Why ETFs Aren’t a Good Fit in European High Yield
The index-tracking trend is firmly entrenched. But do investors recognize the big differences between stock and bond ETFs? And do they appreciate that these can cause European high-yield ETFs to lag?
More investors are choosing to take their exposure to fixed income via passive approaches, especially exchange-traded funds (ETFs). Many seem to assume that what they’ve learned about equity ETFs will also apply to their bond counterparts—unaware that there are vital differences between the two, particularly in high yield. And costly differences can have a big impact on how effectively high-yield ETFs deliver.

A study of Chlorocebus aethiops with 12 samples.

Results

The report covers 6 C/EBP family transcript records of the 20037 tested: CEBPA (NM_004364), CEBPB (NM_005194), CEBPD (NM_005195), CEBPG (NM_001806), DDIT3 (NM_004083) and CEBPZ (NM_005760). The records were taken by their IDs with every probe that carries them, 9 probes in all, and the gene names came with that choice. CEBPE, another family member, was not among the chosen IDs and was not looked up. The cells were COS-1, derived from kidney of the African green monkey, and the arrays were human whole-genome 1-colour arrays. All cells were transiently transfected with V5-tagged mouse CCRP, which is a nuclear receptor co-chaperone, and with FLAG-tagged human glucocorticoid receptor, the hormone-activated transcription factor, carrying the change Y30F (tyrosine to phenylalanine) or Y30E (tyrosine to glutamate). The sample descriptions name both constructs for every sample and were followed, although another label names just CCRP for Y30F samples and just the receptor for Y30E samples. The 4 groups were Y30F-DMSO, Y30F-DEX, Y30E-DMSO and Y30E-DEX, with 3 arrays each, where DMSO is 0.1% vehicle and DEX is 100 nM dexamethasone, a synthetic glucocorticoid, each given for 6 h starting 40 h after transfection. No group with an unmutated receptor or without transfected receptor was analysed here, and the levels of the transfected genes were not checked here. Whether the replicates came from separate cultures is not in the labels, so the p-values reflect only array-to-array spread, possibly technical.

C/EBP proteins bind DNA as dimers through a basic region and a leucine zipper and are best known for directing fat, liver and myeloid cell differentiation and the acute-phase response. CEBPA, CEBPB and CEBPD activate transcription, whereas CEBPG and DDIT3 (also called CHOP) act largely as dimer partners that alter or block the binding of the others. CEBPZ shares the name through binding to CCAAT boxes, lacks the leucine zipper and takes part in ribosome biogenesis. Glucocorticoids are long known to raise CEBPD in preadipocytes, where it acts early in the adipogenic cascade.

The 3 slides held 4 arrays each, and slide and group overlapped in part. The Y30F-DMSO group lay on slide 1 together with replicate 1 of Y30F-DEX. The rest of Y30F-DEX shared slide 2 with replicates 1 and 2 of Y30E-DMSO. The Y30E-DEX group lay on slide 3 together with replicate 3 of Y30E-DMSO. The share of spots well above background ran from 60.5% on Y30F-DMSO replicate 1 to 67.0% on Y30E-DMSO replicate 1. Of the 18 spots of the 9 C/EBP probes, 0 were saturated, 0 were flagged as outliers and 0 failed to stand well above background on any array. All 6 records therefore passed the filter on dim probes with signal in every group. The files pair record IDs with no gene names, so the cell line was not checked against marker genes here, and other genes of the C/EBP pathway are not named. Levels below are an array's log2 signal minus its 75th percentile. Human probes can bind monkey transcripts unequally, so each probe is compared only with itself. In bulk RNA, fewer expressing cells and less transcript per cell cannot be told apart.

Europe’s actively managed high-yield funds measure their performance against a range of indices, most often various Bank of America Merrill Lynch and Bloomberg Barclays high-yield benchmarks. They set a high performance bar—significantly higher than the iBoxx Liquid High Yield Index which most European high-yield ETFs aim to track (Display).
The iBoxx holds many more short-dated, low yielding bonds—which explains why its beta seems significantly worse. Europe’s biggest high-yield ETF has consistently lagged both the active manager indices and the iBoxx itself. Most importantly, the ETF has returned significantly less than Europe’s actively managed high-yield funds over one, three and five years, as shown in the Displaybelow.
What are the reasons for this performance gap? We think the answers lie in failure to recognize that ETF structures and the inherent nature of the high-yield asset class just aren’t a good fit.